CNJ staff photo: Gabriel Monte Eighth-graders Zackary Smith, left, and Edith Mendez help younger pupils find their way around Yucca Middle School.
By Gabriel Monte: CNJ staff writer
Eighth-graders Edith Mendez and Zackary Smith remembered their first year at Yucca Middle School: “When we came here, we were freaked out,” Edith said.
Finding their classrooms through the maze of the school hallway made it difficult to get to class.
“We were late to class a lot,” she said.
This year, the two students are part of a new student mentoring program at Yucca in which eighth-graders help seventh-graders find their way around school.
“Their job is to answer any questions seventh-graders might have,” said Yucca Principal Alan Dropps.
The student-mentors help the seventh-graders find their classrooms and figure out locker combinations. The eighth-graders also help their younger charges deal with problems they may be uncomfortable confiding in teachers and staff members about.
“Sometimes a kid is more likely to approach another student than they are to approach another adult,” Dropps said.
Most Clovis schools have buddy programs in which new students are paired with others to show them around campus, but the mentoring program is unique to Yucca, said Clovis Schools Superintendent Rhonda Seidenwurm.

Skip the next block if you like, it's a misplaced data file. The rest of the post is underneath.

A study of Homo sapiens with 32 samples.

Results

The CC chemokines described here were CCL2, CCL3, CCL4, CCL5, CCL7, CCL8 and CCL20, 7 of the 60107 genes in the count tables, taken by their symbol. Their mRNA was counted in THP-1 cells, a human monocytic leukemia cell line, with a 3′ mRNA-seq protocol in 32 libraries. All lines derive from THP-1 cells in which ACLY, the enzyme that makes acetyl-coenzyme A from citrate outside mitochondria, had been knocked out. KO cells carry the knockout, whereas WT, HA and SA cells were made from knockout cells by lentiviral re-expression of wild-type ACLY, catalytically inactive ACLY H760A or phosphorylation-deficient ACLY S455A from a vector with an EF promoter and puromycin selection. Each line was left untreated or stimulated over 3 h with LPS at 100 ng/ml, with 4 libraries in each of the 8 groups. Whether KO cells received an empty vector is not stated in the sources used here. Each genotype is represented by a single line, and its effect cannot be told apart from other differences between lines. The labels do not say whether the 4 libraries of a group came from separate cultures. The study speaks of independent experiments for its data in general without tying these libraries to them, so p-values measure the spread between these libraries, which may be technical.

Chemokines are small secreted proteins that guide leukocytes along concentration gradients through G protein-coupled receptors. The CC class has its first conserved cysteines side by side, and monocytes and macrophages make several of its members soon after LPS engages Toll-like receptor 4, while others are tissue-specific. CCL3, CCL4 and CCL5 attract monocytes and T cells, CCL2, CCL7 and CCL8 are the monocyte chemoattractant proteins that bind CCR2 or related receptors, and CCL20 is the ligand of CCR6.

School counselor Glenna Maes said the program is the school’s way to help students transition from elementary school into the seventh grade, which means having to go to a new school. She said having eighth-graders mentor the new students would enable them to connect with the school.
“I’ve long since felt that the kids that we lose to dropping out and apathy is because they don’t feel (they’re) a part of the school,” she said.
Yucca officials sent about 50 letters inviting students for the mentoring program, Dropps said. The students were chosen for their academic standings and behavior, Maes said.
Dropps said 30 students were selected as mentors.
The students went through a one-day training course that dealt with issues relating to coming to a new school to prepare for their roles, Maes said.
“We did a heavy emphasis in communication, listening skills, tactics to deal with some of the problems that kids come face to face with in middle school, for instance peer pressure to do certain things,” she said.
Zackary said mentors can counsel seventh-graders on problems with classes and bullying. But he said being a mentor to other students has its perks.
“You can get out of class, but you’re helping someone out,” he said.
Edith said being a student-mentor is a good leadership experience, but she also understands the responsibility she has guiding younger students.
“We have to choose our words carefully,” she said.